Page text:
Lessons in Loyalty: How to Keep Your Students

If you face an ongoing struggle with your music lesson program, it can be turned around with a few key strategies. At 2017 Summer NAMM, Melissa Loggins of Music Authority looked at how to keep students engaged, so they stick with your program. It starts with marketing and recruiting (both students and teachers), and ends with a thriving lessons operation built on customer and student satisfaction, commitment and loyalty.

As a retail business owner and voice and piano instructor, Loggins also manages Music Authority’s growing lessons program, which averages 525 students weekly. It includes a rock program, six bands, an adult choir, a guitar ensemble, four summer camps and two to three student concerts a month.

She advised retailers to first measure their retention rates by knowing school year registration numbers, before summer and after summer. She stated that only 7 percent of students who “are taking a break for the summer” will actually come back, but it’s possible to beat that shocking statistic with insight and ingenuity. Loggins dropped fewer students during the summer by enrolling 58 of them in multiple lessons and holding spots for 14 students returning in the fall, who were willing to pay during the summer to reserve a teacher.

Here’s how she did it. (Watch the video for highlights and the Q&A at end.)

Create a Store Culture
Loggins said she wanted to create a culture that inspired loyalty in families and a feeling of fellowship. #MusicAuthorityFamily was created two years ago to achieve this. At the company’s summer rock camp, students got divided into two teams. As posts on Facebook and social media grew for both teams, they decided to use the hashtag, and it picked up within a week. Loggins remarked that the family concept worked well because she operates in an area where most residents have moved in from far away. “We embraced it, and the culture became our brand,” she said.

Loggins mentioned that she often takes over local restaurants with staff, students and families. (She calls the restaurant ahead of time.) Activities like that reinforce the family-first culture, and the restaurant owners are happy to get the business on an off night.

Embrace Your Brand
Loggins emphasized that once you have the brand, you can’t turn it over to someone else. You have to represent the brand yourself. She recommended the following:

• Get out of the office.
• Know your people.
• Live the culture.
• Make a hashtag.
• Put it on a T-shirt.

“You live the culture,” Loggins said. “It comes down to me, despite my fantastic staff. I try to be at every single concert. I make a point to reach out to each of the students who performed. If I can’t make it, and ask them how it went.”

Despite the fact that Music Authority has hundreds of students, she shared that she tries to take a personal interest in all of them. Loggins recommended asking about school, remembering their birthdays and asking how a song is coming along. This also matters to the adults. Loggins added that her customers and students buy Music Authority’s T-shirts because people are proud to be part of the culture.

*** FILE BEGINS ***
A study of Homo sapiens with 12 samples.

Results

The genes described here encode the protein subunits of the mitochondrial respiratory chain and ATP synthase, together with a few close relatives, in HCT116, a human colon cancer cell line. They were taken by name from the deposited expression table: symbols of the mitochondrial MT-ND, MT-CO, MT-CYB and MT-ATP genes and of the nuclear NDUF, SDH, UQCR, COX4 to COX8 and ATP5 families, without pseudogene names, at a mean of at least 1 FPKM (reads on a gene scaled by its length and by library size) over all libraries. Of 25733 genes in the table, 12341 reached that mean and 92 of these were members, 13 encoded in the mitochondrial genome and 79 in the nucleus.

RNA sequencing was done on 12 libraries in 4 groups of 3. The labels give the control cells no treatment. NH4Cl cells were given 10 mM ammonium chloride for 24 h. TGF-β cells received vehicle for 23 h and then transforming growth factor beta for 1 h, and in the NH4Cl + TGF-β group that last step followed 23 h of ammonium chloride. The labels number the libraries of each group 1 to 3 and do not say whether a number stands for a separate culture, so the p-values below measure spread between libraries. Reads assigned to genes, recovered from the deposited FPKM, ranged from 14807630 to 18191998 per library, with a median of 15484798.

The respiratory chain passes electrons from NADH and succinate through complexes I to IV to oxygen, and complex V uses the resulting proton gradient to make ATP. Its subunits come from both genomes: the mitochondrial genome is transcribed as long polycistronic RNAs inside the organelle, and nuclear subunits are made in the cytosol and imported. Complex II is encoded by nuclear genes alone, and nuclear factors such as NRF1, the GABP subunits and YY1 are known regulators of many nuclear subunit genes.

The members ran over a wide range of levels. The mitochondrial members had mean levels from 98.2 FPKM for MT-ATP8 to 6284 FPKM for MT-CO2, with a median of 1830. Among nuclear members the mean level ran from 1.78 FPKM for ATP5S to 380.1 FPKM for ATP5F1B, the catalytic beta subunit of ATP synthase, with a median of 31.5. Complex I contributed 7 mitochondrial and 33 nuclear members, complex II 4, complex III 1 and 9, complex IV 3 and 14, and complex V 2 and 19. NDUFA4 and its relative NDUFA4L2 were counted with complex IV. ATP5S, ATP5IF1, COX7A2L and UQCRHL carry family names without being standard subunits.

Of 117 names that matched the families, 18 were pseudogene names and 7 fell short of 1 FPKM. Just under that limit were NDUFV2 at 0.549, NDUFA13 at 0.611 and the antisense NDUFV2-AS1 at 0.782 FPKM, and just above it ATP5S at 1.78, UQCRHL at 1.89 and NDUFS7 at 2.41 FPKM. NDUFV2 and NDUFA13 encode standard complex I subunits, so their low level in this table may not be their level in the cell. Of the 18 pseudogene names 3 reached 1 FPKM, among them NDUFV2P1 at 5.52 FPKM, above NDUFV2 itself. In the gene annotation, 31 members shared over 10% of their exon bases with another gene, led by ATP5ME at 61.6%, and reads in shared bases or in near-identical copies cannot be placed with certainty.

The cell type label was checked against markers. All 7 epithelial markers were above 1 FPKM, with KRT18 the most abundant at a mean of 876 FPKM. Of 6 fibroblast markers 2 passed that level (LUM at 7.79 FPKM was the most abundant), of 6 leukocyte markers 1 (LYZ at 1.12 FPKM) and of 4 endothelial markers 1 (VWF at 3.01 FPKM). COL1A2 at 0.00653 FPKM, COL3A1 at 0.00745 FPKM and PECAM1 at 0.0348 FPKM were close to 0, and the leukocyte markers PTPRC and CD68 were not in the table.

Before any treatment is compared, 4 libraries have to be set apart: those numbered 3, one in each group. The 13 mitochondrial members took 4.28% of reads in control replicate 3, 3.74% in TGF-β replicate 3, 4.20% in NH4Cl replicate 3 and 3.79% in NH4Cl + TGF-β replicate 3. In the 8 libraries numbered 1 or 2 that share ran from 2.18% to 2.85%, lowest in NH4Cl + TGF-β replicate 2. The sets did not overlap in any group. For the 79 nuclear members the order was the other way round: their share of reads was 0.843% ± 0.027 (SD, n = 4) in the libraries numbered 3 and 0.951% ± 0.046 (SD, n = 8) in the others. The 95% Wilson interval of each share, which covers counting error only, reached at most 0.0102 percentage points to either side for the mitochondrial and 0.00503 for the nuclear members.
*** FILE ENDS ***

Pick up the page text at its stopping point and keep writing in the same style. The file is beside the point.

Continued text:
Be the Person Who “Cares About My Kid”
Loggins mentioned Maddie, a cheerleader, guitar student, sister and vlogger. Maddie interviews student band members, and Loggins posts it. Remember: It’s important for students to know they’re important to you.

Be the Person Who “Understands My Cause”
Music Authority commits to six service projects per year, including causes related to children, animals, military and first responders. Loggins described Alicia, a parent, spouse (her husband takes lessons at Music Authority), an advocate for the Honor Air program (Loggins partnered with the program, said a few words on stage at a concert and raised $1,000), a Music Authority “roadie” and Music Authority booster club member. The MA Booster Club is incorporated; the parents get PR for the store, put on special events and help support Music Authority in different ways.

“They love what we do and are part of what we do,” Loggins said. “We have given them ownership of Music Authority.”

Be the Person Who “Gives Us a Place to Call Home”
Loggins told Preston’s story—he was a “new kid” from Dallas, guitar student, bandmate and little brother. At Rock Camp, he discovered he had a place where everyone liked to do what he likes to do. He spends two to three hours a week at the shop. “Music Authority is home to him and a lot of kids who feel comfortable and at home,” Loggins said.

Get Social
Music Authority also hosts family-style events, including a night at the ice cream parlor, family picnics, basketball games and dance contests. A group of dads even volunteered to help with cleaning and landscaping.

Loggins added that Music Authority allows for makeup lessons because she wants to make lessons easy for families. She has teachers who haven’t lost a single student during the summer. (She said the company once lost 50 percent of its student base during the summer months.)

The priority is the students. The bottom line is, “Are my students taking lessons and are they enjoying them?”